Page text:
WATCH: Second Minn. Student Comes Forward About Antigay Intimidation


Noah Ratgen, whose driveway was tagged with a hateful message, is the second gay student from a Minnesota school district to come forward about antigay threats this week.

A second student from a Minnesota school district has come forward about antigay threats he recieved after coming out.

Noah Ratgen, who is enrolled in the eighth grade in the Centennial School District, told local news station KMSP-TV that he received an intimidating message after coming out several months ago.

A week after Ratgen had come out to his classmates via social media last fall, Ratgen says he discovered that his family's driveway had been graffitied with the words, "God hates fags."

"It hurt -- just like calling someone fat or ugly," said Ratgen, sitting between his parents in their home in Lino Lakes, Minn. "There's no reason to do it at all."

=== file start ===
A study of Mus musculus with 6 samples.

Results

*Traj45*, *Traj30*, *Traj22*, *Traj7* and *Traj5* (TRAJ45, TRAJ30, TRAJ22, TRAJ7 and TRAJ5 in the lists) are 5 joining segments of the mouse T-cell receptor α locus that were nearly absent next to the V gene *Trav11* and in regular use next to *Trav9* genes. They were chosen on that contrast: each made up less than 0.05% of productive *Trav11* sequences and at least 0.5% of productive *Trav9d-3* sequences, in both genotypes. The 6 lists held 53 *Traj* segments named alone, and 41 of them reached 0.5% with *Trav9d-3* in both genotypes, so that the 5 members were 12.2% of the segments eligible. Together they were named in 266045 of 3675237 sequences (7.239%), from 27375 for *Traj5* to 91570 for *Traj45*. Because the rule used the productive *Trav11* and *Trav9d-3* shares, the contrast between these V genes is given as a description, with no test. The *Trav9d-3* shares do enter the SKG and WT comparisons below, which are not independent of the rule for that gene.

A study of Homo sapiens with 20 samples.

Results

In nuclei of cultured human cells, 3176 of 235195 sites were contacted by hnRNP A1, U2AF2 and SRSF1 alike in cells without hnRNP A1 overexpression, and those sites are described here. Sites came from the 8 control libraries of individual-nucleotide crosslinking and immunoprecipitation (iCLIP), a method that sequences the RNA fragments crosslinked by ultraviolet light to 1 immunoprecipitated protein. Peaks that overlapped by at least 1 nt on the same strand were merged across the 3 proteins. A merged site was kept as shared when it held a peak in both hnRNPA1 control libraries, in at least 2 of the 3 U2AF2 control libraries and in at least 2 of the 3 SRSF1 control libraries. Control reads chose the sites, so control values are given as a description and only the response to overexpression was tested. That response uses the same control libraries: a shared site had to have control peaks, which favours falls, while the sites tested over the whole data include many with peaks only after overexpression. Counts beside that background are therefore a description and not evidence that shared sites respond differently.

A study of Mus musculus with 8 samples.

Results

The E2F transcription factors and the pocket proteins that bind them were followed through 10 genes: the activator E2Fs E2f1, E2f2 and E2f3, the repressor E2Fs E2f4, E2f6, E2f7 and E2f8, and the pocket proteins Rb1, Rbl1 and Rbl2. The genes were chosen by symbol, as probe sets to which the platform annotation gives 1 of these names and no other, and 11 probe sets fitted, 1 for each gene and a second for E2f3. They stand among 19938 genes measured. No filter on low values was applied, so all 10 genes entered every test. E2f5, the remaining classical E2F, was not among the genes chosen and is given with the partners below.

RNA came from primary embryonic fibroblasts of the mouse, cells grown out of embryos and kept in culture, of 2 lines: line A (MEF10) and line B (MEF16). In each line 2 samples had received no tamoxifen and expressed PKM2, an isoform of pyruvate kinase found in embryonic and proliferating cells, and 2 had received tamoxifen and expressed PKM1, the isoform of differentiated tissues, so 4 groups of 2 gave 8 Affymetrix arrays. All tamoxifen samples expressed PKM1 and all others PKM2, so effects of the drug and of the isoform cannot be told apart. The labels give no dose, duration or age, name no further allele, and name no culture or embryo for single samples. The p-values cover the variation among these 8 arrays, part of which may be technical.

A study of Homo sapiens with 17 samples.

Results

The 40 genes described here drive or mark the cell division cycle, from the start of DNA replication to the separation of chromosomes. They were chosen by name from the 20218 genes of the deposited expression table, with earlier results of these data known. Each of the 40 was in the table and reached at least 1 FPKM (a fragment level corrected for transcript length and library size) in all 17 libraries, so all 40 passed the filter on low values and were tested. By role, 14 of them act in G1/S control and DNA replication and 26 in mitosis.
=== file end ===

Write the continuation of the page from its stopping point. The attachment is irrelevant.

"I just don't understand why we're such a big problem," he said.

Ratgen's parents expressed outrage and concern over the act of vandalism. "It was absolutely disgusting. I went and washed it off right away," said his father, Brad Ratgen. His mother, Carla Ratgen, added, "I'm really hoping it's a few bad people -- a few bad apples who are doing this... It's kind of sad to do something so mean to our kids."

The family filed a report with the police at the time. No arrests have been made, but the Minnesota Bureau of Criminal Apprehension has classified the act as a hate crime.

Ratgen's story mirrors that of another gay student at Centennial High School, Ryan Eichenauer, who spoke out yesterday after he received two anonymous letters filled with death threats. The messages, which were left on his desk in English class, followed his own coming out on Facebook. And like Ratgen's graffiti, Eichenauer's threats also conflated religon and hate.

"I can't wait for the day that I get to walk over your grave and if you don't put yourself there, I will be glad to," a portion of one of the letters read. "Just do us all a favor and do it soon. Kill yourself already."

Watch the KMSP interview with Noah Ratgen and his parents below.